EKOS Weekly: So, y’all really do want a majority government, huh?

And why that means we may be electing minority governments until the end of time

Once again, ITQ is loath to be the bearer of bad news, but — I mean, seriously, just look at the numbers.

The highlights, courtesy of CBC:

The EKOS poll, commissioned for the CBC and released Thursday, asked which of the following outcomes of the next federal election “would be best”:

  • Liberal minority.
  • Liberal majority.
  • Conservative minority.
  • Conservative majority.
  • None of the above.

Nationally, 26 per cent of those polled said they wanted a Liberal majority, while 25 per cent called for a Conservative majority. An equal amount — 25 per cent — responded with “none of the above.”

Fifteen per cent of those polled called for a Liberal minority and nine per cent said the best result would be a Conservative minority.

Ekos puts it more starkly:

When asked to choose among the most likely outcomes of the next election – Conservative majority, Conservative minority, Liberal majority or Liberal minority – most say they would like a majority government. The problem is that those people are almost evenly divided between favouring a Conservative majority and those who prefer a Liberal majority. About a quarter of Canadians say they do not like any of these four options. Even fewer opt for either a Liberal or Conservative minority government.

ITQ, however, will be blunter still in her assessment.

No, Canadians, you don’t want a majority government — you want your party — whichever one it happens to be —  to win a majority. There’s a difference, and unless and until some of you are willing to switch your vote to one of the other parties — or convince other people to switch to yours —  you’re going to keep electing minority governments until the end of time. Which isn’t necessarily a bad thing, but you can’t then turn around and gripe about the results. (Well, you can, but it’s just going to make ITQ start to doubt your collective common sense when it comes to recognizing cause and effect.)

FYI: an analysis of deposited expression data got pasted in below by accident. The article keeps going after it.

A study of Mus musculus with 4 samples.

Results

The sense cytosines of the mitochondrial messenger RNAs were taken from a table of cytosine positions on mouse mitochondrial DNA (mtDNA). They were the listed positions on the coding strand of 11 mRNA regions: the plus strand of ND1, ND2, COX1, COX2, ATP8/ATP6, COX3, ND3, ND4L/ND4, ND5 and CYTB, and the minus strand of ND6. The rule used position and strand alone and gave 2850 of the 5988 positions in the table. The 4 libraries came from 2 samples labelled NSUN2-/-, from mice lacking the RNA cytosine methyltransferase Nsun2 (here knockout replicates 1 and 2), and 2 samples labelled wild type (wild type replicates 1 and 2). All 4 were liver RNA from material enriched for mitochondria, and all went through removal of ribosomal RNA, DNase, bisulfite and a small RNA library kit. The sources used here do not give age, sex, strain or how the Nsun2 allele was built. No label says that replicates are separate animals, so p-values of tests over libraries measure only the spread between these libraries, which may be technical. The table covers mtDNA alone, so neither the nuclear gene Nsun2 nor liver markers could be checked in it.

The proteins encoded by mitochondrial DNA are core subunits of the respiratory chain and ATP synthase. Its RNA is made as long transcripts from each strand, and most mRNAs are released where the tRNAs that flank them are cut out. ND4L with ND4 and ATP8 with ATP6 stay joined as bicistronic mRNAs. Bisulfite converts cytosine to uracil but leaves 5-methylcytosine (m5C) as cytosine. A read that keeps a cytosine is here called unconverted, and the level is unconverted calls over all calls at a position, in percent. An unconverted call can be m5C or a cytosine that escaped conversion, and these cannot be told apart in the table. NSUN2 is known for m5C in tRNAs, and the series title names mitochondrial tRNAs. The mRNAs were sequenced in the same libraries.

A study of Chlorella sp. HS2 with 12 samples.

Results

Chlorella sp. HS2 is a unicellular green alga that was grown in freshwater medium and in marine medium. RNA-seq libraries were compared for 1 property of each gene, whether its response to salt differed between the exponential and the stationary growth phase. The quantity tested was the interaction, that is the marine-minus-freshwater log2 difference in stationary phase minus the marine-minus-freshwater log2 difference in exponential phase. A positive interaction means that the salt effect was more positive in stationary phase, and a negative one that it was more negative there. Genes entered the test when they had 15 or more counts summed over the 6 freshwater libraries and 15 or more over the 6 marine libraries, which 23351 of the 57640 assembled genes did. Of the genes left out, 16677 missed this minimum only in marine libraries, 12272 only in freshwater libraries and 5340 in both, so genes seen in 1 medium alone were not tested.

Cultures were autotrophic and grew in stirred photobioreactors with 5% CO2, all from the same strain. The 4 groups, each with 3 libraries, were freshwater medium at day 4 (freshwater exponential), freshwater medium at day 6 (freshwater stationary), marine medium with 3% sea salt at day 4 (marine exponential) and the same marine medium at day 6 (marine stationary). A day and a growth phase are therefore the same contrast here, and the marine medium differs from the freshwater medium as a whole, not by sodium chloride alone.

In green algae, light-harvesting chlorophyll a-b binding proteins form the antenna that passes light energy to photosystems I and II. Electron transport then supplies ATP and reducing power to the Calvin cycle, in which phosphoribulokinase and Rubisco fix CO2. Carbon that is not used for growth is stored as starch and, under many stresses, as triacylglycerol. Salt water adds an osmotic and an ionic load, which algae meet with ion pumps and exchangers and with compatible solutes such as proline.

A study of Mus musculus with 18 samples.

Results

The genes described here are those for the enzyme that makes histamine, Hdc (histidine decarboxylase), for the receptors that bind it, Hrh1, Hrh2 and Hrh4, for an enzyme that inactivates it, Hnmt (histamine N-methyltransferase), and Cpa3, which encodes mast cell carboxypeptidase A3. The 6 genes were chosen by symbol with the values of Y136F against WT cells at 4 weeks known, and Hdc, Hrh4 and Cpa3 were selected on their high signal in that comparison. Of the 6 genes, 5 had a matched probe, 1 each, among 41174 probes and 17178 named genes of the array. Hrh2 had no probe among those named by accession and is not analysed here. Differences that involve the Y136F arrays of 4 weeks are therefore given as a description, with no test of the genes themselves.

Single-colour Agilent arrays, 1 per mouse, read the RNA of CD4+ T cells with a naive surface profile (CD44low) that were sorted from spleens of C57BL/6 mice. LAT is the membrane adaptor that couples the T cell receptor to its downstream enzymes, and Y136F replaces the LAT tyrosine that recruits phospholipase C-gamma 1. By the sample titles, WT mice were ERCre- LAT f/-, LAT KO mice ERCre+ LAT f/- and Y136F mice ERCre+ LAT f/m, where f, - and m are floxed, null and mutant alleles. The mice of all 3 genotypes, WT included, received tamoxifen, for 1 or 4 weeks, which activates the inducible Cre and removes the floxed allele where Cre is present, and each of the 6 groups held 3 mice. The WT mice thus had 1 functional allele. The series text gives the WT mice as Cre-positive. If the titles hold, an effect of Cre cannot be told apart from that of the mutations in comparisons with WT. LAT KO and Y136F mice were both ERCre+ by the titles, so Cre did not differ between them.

Oh, and as for party preference numbers, there is once again almost no movement. The Conservatives are still ahead, but just barely — seriously, it’s like, point three percent — with the Libs up by a similarly virtually imperceptible amount, and the NDP down by about the same.

Anyway, we’ve also got “second choice” results this week, and the Liberals are barely ahead of the NDP when it comes to the next-best-thing option — 22.1 to 19.7, with 14.1% for the Greens, 13.2% for the Conservatives, 4.1% for the Bloc Quebecois — but holding sway over all is, unsurprisingly, “no second choice” at 26.8%., which includes 40.2% of Conservative supporters. Interestingly, the NDP is the second choice of 29% of Bloc Quebecois voters.

A fellow poll junkie suggests that for Conservatives, these are actually pretty good results — their vote is “rock solid” when compared to the other parties, which raises an interesting question — interesting, at least, to ITQ, who has never totally gotten the concept of “second choice” surveys: When answering the question, what scenario is the respondent imagining? Does having a second choice mean that you are fairly sure you’ll be voting NDP, for instance, but are still open to being persuaded to go Green instead? Or is it more of a, well, if the candidate of my party of choice is tossed from the ballot after an unfortunate Facebook photo-related incident that happens after the nomination period closes, I guess I’d vote for this other party instead, just this once?

Anyway, as always, over to you, commenters.